Test Results :: Latte Macchiato

1 - Plain, 2 - Plain (reduced), 3 - w/ Silver Leaf, 4 - w/ Silver Leaf (reduced & encased), 5 - w/ TerraNova2 Frit, 6 - w/ Silver Glass Frit (reduced), 7 - w/ Silver Glass Frit Stringer (encased), 8 - w/ Tuxedo, 9 - w/ Copper Green, 10 - w/ Opal Yellow, 11 - w/ Ivory, 12 - w/ White

Lauscha Latte Macchiato is sort of unlike the other Milky Way colours I have tested in terms of how it reacts with other colours.  It ranges in colour from a soft peach to a yellow, depending on how much it is struck and the colour it is used with.  Annealed, it is more like Thüringen Herb than it is like the Milky Way pinks.

Rods of Latte Macchiato are sort of shocky and splintery, so you need to be careful to heat it slowly.  It also looks completely different going into the kiln than it does coming out, which is a little disorienting. Before annealing, this colour looks very translucent and peachy, but post-annealing, it is far more opaque, and displays colours in the range I mentioned above.

I achieved some interesting effects with Latte Macchiato, and while it is not among my favourite Lauscha colours, it is definitely appealing and worthy of further study.

Here, I've put silver leaf over the bead on the left.  The silver has dispersed, and has fumed the surface of the bead with a brown haze.  In the bead on the right, the reduced and encased silver has turned a peachy colour.  This is similar to the reactions I got with Thüringen Herb.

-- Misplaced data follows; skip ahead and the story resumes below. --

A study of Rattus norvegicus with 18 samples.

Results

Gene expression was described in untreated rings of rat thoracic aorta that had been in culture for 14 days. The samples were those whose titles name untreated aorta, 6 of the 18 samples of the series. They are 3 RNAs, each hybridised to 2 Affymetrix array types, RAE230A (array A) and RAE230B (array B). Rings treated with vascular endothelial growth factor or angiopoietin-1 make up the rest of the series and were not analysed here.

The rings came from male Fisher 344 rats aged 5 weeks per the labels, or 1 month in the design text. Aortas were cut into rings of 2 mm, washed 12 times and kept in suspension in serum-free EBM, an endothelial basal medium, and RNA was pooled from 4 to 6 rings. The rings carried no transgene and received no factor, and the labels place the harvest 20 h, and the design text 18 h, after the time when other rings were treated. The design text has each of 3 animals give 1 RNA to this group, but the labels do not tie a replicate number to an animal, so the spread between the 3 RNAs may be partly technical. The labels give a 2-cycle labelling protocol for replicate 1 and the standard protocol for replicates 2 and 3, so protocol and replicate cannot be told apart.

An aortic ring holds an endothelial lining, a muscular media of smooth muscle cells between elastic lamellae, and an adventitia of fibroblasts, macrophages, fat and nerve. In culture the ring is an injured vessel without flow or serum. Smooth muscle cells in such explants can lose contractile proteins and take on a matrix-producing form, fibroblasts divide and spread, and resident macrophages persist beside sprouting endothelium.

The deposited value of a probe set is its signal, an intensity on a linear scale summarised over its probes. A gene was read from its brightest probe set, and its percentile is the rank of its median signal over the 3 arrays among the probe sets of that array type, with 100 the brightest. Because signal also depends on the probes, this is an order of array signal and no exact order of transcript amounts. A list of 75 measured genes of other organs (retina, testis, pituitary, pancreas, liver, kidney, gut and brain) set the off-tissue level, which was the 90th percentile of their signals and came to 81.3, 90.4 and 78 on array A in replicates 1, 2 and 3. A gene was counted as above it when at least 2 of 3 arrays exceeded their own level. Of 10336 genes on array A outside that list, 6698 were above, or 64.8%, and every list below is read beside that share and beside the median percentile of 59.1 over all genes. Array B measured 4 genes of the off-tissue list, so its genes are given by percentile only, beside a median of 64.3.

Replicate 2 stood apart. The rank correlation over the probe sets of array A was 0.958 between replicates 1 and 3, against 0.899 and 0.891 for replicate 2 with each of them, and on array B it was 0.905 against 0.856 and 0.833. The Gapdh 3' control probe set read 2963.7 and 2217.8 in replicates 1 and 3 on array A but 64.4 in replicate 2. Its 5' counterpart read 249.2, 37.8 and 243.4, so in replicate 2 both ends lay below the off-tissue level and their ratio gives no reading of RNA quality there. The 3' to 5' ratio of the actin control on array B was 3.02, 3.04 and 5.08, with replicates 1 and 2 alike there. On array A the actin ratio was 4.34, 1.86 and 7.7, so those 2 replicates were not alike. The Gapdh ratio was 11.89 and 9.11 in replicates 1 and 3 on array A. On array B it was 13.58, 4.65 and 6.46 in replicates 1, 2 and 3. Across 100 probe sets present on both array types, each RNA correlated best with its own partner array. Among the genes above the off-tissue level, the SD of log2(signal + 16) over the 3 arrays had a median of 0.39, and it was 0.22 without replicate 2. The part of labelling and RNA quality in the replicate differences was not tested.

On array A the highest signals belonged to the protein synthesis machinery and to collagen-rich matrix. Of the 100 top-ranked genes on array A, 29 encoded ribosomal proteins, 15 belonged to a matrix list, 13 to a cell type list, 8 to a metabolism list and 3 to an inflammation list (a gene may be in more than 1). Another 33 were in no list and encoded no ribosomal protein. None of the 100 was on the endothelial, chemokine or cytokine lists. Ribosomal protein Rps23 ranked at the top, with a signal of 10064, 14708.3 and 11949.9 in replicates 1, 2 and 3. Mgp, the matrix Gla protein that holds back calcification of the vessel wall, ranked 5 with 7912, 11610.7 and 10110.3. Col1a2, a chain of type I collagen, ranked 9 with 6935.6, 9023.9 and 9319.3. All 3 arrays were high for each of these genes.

On top of Latte Macchiato, I had a hard time getting decent colour out of my TerraNova2 frit, but I really like what happened with the reducing silver glass frit in the bead on the right.  The frit has bloomed and separated and fumed the bead a little to a yellowish tan colour.

Here, I made frit stringer with my reducing silver glass frit blend and Latte Macchiato.  I like this streaky effect a lot, particularly where the unfritted Latte Macchiato has struck to tan.

There is no noticeable reaction between Tuxedo and Latte Macchiato.  No bleeding and no weirdness.  The Latte Macchiato looks paler against Tuxedo than it does with the other colours I tested it with.

I expected Copper Green to separate on top of Latte Macchiato, and for the Latte Macchiato to help the Copper Green not sheen up the way the other Milky Way pinks did, but instead I got a reaction that is much more reminiscent of how Copper Green behaved with Thüringen Herb.  The Copper Green has developed an army green patina, and has bled into the Latte Macchiato stringer design on the left-hand side of the bead lending it some mottled turquoise streakiness.  The Latte Macchiato on the right-hand side of the bead looks more opaque and a little dirtier than it does in the other test beads.

On top of Latte Macchiato, Opal Yellow separates and develops a thin tranlucent line down the centre of the stringer lines I drew.  On top of Opal Yelow, Latte Macchiato looks sort of diffuse and mustardy.  The Latte Macchiato on the right-hand side of this bead looks deeper and peachier than it does on the other test beads.


There isn't really anything all that interesting about Latte Macchiato with Ivory or Latte Macchiato with White. The Latte Machiato sort of disappears on top of those colours, and the Ivory/White lines and dots are crisp and smooth.

Here are some other beads made with Latte Macchiato.  I may add to these because I still have a little bit of this colour left.